Oil Feared to Rise to $125 per Barrel

The ongoing crisis in Ukraine caused the price of oil to soar by 11% on Tuesday to reach a staggering $106 per barrel. However, fears are that this seven-year high could be eclipsed by price rises that would take the price of oil up to $125 per barrel if further sanctions are brought in against Russia.

US oil prices reached their highest mark since June 2014 as Russia’s invasion of Ukraine intensified this week. The price of West Texas Intermediate crude jumped over 11% to trade at $106.89 per barrel, while the price of Brent crude saw a high of $107.57 per barrel.

The price of oil breached the $100 benchmark last week when Russian troops first entered Ukraine. With the situation on the ground getting evermore serious, it is feared that the West will have little option but to introduce further sanctions against Russia. While the existing sanctions have been targeted at Russian interests away from oil, the efforts are gradually having the effect of stopping traders from investing in assets linked with Russian oil.

With Russia being the world’s second largest-exporter of natural gas and the third-largest exporter of oil, the sanctions will certainly have a negative impact on the supply of fuel. Such a continuation of energy price rises is feared to hit the $125 mark which will certainly have an effect on the US economy as consumer spending will be hit and inflation rates will continue to skyrocket.

What can be done to keep oil prices down?

This week has seen renewed efforts from OPEC+ to increase oil production in order to help the global market. The energy alliance made a pledge to introduce an output rise in April although this rise may be significantly smaller than what is required to keep oil prices down.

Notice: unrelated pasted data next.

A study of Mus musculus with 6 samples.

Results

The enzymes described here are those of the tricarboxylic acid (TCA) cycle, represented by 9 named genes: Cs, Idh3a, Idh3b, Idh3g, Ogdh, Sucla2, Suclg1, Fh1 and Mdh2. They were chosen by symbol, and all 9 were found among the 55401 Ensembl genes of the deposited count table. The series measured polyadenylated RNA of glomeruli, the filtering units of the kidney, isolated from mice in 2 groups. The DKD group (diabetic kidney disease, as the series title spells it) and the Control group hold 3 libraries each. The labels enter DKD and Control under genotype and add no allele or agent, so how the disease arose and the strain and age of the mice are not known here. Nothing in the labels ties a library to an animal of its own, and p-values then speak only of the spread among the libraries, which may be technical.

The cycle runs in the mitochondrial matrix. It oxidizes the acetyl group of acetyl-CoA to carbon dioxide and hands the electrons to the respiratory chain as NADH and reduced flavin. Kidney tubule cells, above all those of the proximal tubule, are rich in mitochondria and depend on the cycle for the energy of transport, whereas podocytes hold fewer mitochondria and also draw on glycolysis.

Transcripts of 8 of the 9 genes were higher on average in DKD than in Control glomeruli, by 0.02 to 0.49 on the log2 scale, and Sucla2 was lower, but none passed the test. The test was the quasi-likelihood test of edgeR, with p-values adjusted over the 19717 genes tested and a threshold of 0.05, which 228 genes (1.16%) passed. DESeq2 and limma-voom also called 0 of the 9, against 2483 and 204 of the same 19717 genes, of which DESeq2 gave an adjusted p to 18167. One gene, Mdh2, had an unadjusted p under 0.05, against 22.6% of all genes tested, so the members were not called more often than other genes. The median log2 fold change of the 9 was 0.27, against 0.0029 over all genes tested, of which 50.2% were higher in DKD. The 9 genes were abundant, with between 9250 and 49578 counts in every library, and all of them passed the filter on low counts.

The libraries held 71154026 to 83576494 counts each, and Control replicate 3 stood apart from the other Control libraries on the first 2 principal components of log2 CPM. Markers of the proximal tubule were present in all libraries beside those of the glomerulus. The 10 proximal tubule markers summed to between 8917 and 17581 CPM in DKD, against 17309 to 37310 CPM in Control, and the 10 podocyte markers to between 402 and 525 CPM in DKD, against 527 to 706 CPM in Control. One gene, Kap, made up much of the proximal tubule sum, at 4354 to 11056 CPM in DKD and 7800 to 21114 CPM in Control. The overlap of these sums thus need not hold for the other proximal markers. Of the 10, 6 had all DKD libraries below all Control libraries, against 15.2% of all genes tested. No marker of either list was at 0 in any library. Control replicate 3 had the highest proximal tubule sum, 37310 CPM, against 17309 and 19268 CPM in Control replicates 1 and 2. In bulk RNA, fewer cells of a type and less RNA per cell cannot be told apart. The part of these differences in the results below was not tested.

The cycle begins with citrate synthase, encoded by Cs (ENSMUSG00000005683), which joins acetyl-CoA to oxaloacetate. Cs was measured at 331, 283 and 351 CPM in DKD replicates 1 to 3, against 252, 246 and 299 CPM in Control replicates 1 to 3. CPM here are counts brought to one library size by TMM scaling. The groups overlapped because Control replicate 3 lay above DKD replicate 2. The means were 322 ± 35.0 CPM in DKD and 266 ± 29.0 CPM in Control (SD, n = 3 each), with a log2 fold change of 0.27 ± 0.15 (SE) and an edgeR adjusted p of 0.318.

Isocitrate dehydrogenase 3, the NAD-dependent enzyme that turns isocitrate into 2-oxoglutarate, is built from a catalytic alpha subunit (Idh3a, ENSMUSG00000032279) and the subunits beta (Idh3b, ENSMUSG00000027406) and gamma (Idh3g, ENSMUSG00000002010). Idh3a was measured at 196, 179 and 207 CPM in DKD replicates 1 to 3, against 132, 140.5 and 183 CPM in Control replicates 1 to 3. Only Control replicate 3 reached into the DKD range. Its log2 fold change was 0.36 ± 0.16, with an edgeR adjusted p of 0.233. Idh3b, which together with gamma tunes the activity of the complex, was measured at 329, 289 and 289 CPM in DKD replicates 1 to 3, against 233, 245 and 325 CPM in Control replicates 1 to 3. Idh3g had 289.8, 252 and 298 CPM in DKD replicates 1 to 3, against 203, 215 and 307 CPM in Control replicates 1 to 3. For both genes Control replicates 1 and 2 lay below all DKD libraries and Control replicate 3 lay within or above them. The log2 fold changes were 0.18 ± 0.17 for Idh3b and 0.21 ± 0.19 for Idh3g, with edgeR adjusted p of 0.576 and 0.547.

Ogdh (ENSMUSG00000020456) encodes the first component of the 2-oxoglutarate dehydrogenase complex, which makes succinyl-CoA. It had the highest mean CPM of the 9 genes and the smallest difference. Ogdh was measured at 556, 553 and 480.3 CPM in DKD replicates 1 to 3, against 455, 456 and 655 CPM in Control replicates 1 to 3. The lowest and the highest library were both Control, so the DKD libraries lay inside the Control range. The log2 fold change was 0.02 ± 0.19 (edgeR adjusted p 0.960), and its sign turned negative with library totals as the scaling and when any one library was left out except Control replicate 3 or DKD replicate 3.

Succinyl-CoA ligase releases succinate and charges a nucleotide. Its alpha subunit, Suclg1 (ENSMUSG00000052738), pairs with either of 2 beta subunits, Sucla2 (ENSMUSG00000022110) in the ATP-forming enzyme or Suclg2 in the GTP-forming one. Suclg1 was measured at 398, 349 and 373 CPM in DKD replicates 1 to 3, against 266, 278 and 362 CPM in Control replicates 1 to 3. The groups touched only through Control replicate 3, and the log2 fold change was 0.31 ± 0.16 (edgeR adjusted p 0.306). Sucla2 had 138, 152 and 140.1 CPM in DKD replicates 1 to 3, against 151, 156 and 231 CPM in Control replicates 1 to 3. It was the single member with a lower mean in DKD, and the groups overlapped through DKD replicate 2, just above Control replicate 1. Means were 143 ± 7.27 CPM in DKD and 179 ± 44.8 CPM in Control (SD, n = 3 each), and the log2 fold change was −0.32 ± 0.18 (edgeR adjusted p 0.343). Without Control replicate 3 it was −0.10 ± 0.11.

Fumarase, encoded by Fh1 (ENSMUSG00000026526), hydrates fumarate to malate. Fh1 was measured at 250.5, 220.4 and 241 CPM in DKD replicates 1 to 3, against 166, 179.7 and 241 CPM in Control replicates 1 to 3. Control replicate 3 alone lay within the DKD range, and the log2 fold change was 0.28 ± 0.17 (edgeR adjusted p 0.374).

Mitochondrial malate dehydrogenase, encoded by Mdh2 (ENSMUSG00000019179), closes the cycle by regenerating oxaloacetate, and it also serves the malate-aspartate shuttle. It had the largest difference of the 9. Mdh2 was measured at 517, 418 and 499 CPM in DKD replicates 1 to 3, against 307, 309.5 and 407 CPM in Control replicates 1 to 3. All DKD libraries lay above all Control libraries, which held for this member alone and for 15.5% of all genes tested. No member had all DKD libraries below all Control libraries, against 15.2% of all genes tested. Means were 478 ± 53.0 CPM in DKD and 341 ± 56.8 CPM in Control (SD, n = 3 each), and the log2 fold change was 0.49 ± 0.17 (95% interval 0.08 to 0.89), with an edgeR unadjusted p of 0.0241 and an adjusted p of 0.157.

Despite this, the fact that OPEC+ is willing to increase the output of oil by 400,000 barrels a day is an indication of just how serious the situation is getting. In addition to this, the US has made plans to release 30 million barrels from its own Strategic Petroleum Reserve.

There is plenty of attention on Saudi Arabia who is felt to be hesitant about increasing oil output in a way that could help to stave off the aggressive price rises. It is adding to a complicated picture of how geopolitical tensions are creating havoc in the oil markets.

With plenty of major oil brands in the West pulling out of their Russian interests, nations like Saudi Arabia and the UAE are effectively being forced to choose which side they are aligning with.

Further afield, Canada has taken the extreme measures of banning oil imports from Russia completely, while Chinese banks are also pulling back from the financing of commodities trading. All of which means that oil prices are likely to remain high as long as the current conflict keeps escalating.